Lisieux Part I
Before marriage, Louis Martin and Zélie Guerin attempted the religious life—Louis with the canons of St. Bernard Hospice in the Alps, and Zélie with the Daughters of Charity. Both were rejected. Louis was told he should complete his studies, and in Zélie’s case, the Mother Superior told her without hesitation that such was not God’s will. Rather, the two would later meet in Alençon and marry. Louis was then an expert watchmaker, and Zélie ran a successful lace-making business. Both were profoundly Christian, with a deep devotion to their faith and a desire to follow God’s will.
They were married for nineteen years, and together had nine children, three of whom died in infancy and a daughter who died at the tender age of five. One can read from Mme Martin’s letters to her brother her intense anguish over the loss, one by one, of her children, and her resignation to the divine will. She ultimately succumbed to cancer, and died when her youngest child was only four. Monsieur Martin would also suffer greatly toward the end of his life. After offering himself up to God as a victim soul, he was quickly heard: arteriosclerosis led to mental instability and delirium, and a stroke would cause paralysis. Finally, a heart attack ended his life.
M and Mme Martin’s suffering would not be in vain. Their remaining five daughters all entered the religious life, and their youngest would one day come to be called by Pope St. Pius X “the greatest saint of modern times.” St. Therese of Lisieux, so called because of the town the Martin girls would call home after the death of their mother, grew up in the red brick house she knew as Les Buissonets
. Of her parents, Therese would later say, “The Good Lord gave me a father and a mother more worthy of Heaven than of earth.”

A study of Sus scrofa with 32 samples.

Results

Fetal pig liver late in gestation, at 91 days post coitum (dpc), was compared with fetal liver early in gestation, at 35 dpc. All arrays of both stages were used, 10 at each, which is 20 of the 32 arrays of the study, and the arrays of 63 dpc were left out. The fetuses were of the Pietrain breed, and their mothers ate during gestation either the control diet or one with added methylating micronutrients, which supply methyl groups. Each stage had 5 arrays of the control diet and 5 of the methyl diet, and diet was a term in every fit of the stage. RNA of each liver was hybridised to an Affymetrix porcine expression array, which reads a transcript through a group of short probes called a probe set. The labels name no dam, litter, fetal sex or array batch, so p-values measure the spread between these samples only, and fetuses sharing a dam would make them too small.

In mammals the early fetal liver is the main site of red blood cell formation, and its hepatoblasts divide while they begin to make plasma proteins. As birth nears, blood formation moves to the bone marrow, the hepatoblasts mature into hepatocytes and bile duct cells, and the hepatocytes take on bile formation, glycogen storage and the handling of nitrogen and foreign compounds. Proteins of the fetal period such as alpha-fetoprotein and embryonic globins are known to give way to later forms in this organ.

The home is stately, but much smaller within than one imagines, consistent with many nineteenth-century French homes. The staircase, for instance, is small and so narrow it can fit only one person at a time. If you’ve seen the recent film Therese
, it’s quite obvious they filmed in an American period home, as the rooms and staircase are much more spacious. Another inaccuracy in the film is that it shows a horsedrawn carriage leaving from the front of Les Buissonets
, when in fact there is no drive at all; in fact, a red brick wall blocks access to the home, save for a small portal.
The fireplace before which Therese would receive her great Christmas grace: the end of her scrupulosity and excessive sensitiveness.
The house itself remains largely unchanged. Here is the dining room in its original state, where Therese shared her last emotional meal with her family before entering Carmel. On the mantle is a clock made by Mr. Martin.
The bed where Therese lay mortally ill in her youth, and a replica of the statue of Our Lady, whose miraculous smile cured Therese. Known as Notre Dame du Sourire
(Our Lady of the Smile), the original sits above the reliquary of St. Therese in the Carmel of Lisieux.
Statue of Ste-Jeanne d’Arc on the dresser opposite the bed.
Louis Martin’s room next door.
St. Therese’s childhood room is next to her father’s, and has been turned into something of a museum and religious store. Here you can see her First Communion dress, and the outfit she wore upon entry into Carmel.
Below her dress is the crucifix she received at her First Communion from her sister Léonie. Therese kissed it as she lay on her deathbed, and bequeathed it to her first “spiritual son”, Father Bellier, a missionary priest in Africa with whom she corresponded. It would be returned in 1907.
Her tea set and picnic ensemble.
The cage where she kept her beloved canary, a chess set, crucifix, and writing desk.
The backyard is spacious, and full of little gravel paths that wind past shrubbery and beneath trees. A memorial has been built of the moment St. Therese revealed to her father her wish to enter Carmel.
“The little garden of Therese.”
“One of the altars that little Therese called marvelous.” Though difficult to see, here is a small crèche that was made in one of the nooks in the backyard and has been preserved.
One of the many garden paths Therese and her father would walk together in the evenings.
Anterior view of Les BuissonetsLes Buissonets
, with the cathedral spire visible in the background. It is the church the Martins regularly attended (Mr. Martin donated the gorgeous marble High Altar there).
Marie lays flowers at the foot of St. Therese’s statue near the home's entrance.